07 May Karate chop a snake in The Bergs
I wish I had my heart rate monitor this morning when I heard a snake hissing in the grass. Hmm, let’s see, was it the highly poisonous rinkhal whose neck spreads like a cobra and attacks the nervous system? Or, could it be the Puffadder? I think it was the Puffadder. They like hissing when humans approach. “The bite is very painful followed by massive swelling, nausea, shock and a drop in blood pressure,” says the hiking map. I think I prefer the rinkhal. None of this dramatic, (think of the cowboy that just got shot in the Western movies). Unnecessarily long process, non? Draaa….maaaa. If you’re going to kill me, get it over with.
Lucky me, I scampered past the sound and kept going. And don’t give me the speech about hiking alone. What, is my partner going to wrestle the snake for me? A couple kung fu chops to the lizard skin? Nope. My big concern with hiking alone is snapping an ankle and then the vultures start to pick at my body. Thankfully, ankles are intact, today.
Jokes aside, this place is stunning. I’m staying at Giants Castle (cabins) in the Ukhahlamba Drakensberg Mountains. Afrikaans named it, Mountains of the Dragons, because the top of the mountains resemble a dragon’s back. Layers of red, yellow and black stone topped off with green shrubbery , and red rock plateaus, I followed the ridge along the river today.
In 1997 Sir Edmund Hillary (first man to climb Everest) stayed in the ‘Bergs.’ He was 70 at the time so not up for hiking, but he was helping the Ezemvelo KZN Wildlife (park management) promote the park, which subsequently received a UNESCO designation in 2000.
What also makes these mountains so amazing is the 30,000 San Bushman cave paintings, the largest collection in the world, in the neighbourhood of 8,000 years old. I saw some yesterday – they’re about a 20 minute walk from the cabins and they’re actually quite cute: people dancing, and a woman giving another woman a baby. Of course you have all the hunting and animals, but dancing? Lovely.
After mountain biking intensely for nine days, constantly being on, focused and occupied with the riding, it’s so nice to hike and let all that go. Hiking is in the details. Like today, following the sound of the river in the valley below, and then turning a corner to have it disappear and replaced with a gentle wind in my ear. Or, watching the way the shadows of the clouds move across the mountains, like zebra stripes; or, stopping to examine a blue and red bug, cricket?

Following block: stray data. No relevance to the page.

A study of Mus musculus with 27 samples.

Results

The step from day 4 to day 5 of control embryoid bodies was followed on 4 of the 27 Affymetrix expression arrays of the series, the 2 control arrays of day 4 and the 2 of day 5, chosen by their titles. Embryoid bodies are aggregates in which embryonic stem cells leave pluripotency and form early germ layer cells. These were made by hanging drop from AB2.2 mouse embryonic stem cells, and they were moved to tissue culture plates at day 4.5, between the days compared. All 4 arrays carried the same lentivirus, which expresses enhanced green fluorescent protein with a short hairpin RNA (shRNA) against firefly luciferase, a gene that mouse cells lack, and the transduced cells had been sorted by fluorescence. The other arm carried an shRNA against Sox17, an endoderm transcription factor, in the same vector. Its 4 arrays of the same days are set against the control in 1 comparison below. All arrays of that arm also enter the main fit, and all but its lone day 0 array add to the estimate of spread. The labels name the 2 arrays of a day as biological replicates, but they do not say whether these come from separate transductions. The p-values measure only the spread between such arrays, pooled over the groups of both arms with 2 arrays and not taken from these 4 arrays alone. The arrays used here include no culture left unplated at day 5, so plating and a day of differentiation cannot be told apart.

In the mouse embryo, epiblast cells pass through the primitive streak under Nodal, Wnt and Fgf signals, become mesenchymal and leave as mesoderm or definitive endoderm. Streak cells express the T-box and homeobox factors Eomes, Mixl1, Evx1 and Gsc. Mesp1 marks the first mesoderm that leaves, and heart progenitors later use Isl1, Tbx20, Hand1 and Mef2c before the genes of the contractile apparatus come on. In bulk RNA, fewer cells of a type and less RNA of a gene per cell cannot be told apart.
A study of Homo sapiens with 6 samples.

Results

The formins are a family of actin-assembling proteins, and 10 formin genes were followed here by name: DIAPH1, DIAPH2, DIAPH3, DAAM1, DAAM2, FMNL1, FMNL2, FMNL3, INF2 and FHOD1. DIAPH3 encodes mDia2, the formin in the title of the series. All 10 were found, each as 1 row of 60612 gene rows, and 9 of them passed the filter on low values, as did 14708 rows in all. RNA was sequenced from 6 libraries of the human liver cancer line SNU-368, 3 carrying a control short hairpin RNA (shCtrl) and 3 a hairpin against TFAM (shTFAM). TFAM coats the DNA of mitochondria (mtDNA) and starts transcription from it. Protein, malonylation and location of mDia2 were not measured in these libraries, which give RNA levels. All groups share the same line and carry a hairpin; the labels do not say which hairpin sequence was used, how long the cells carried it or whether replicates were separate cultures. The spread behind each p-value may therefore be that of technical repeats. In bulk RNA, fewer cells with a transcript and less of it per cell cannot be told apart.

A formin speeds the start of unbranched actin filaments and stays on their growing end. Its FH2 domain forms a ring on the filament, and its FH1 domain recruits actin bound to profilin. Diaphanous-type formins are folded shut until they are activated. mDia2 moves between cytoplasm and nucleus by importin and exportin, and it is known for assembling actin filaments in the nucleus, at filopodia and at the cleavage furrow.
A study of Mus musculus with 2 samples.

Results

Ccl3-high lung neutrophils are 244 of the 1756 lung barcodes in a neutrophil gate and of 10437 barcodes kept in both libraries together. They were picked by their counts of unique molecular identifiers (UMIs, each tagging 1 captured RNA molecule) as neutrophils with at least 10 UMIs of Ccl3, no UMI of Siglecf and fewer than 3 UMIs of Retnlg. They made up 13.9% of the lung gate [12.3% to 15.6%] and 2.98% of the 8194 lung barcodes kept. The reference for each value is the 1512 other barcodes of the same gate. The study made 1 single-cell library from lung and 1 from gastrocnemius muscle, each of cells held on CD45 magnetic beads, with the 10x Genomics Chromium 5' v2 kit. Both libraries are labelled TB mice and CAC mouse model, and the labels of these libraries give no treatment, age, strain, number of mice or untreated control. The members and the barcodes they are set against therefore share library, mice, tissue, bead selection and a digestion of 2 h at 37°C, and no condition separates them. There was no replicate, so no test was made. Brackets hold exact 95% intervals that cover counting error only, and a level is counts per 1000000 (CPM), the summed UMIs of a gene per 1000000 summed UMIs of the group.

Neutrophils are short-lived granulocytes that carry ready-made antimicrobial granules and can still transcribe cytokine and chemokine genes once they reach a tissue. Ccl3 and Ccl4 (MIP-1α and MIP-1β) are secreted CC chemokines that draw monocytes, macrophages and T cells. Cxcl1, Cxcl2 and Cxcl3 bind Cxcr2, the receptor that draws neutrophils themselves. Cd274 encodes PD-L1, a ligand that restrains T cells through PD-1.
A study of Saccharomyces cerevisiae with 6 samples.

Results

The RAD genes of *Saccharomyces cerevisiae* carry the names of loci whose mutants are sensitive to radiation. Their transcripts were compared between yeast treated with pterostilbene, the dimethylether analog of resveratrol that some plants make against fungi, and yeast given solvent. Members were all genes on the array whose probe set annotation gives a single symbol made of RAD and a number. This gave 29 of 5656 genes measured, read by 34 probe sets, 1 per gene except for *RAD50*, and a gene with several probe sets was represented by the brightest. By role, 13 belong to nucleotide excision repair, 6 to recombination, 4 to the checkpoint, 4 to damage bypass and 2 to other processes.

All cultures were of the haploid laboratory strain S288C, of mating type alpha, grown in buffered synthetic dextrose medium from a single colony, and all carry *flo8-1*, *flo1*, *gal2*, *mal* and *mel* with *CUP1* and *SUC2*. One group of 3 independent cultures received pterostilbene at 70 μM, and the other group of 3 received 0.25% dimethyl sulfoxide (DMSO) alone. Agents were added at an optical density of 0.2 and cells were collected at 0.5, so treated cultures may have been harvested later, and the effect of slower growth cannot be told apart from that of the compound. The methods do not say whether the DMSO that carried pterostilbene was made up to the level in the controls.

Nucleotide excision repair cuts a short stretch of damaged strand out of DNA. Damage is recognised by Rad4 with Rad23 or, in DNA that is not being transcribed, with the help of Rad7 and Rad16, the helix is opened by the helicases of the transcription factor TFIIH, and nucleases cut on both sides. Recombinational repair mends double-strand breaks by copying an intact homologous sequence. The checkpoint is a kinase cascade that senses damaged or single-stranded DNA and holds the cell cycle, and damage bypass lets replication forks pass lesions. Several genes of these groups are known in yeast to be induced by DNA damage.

Or, happen across a couple from Pretoria, South Africa and stop to chat. And before I could get their names, a 50 something couple camping in the park, they invited me to stay with them. Wow. As it was the weekend, lots of city folk come here to hike and camp for the weekend.
Walking on, it wasn’t long before the ridge walk lead to the top of the plateau and I was following a red path through the golden straw. The path undulated up to the rocks, when I saw something moving. A baboon. No, two, three, yikes, over 10! They didn’t really care that I was there, but it made me nervous. At the cabins we’re warned to keep doors closed because they get in and search for food and are known to bite. I wasn’t taking my chances. I turned back. I’m sure I would have been fine, but I was also getting pretty knackered. Even though it’s winter here, the sun is strong.
Ok, back on the restaurant patio: a bowl of ice cream with chocolate sauce and a beer. Back to reading Good Morning Mr. Mandela. Written by his Afrikaan secretary, it’s a good primer for South African history. Looking into these mountains, it’s inconceivable that apartheid, something so vicious and hurtful, could happen in this country, but no politics here, just beauty.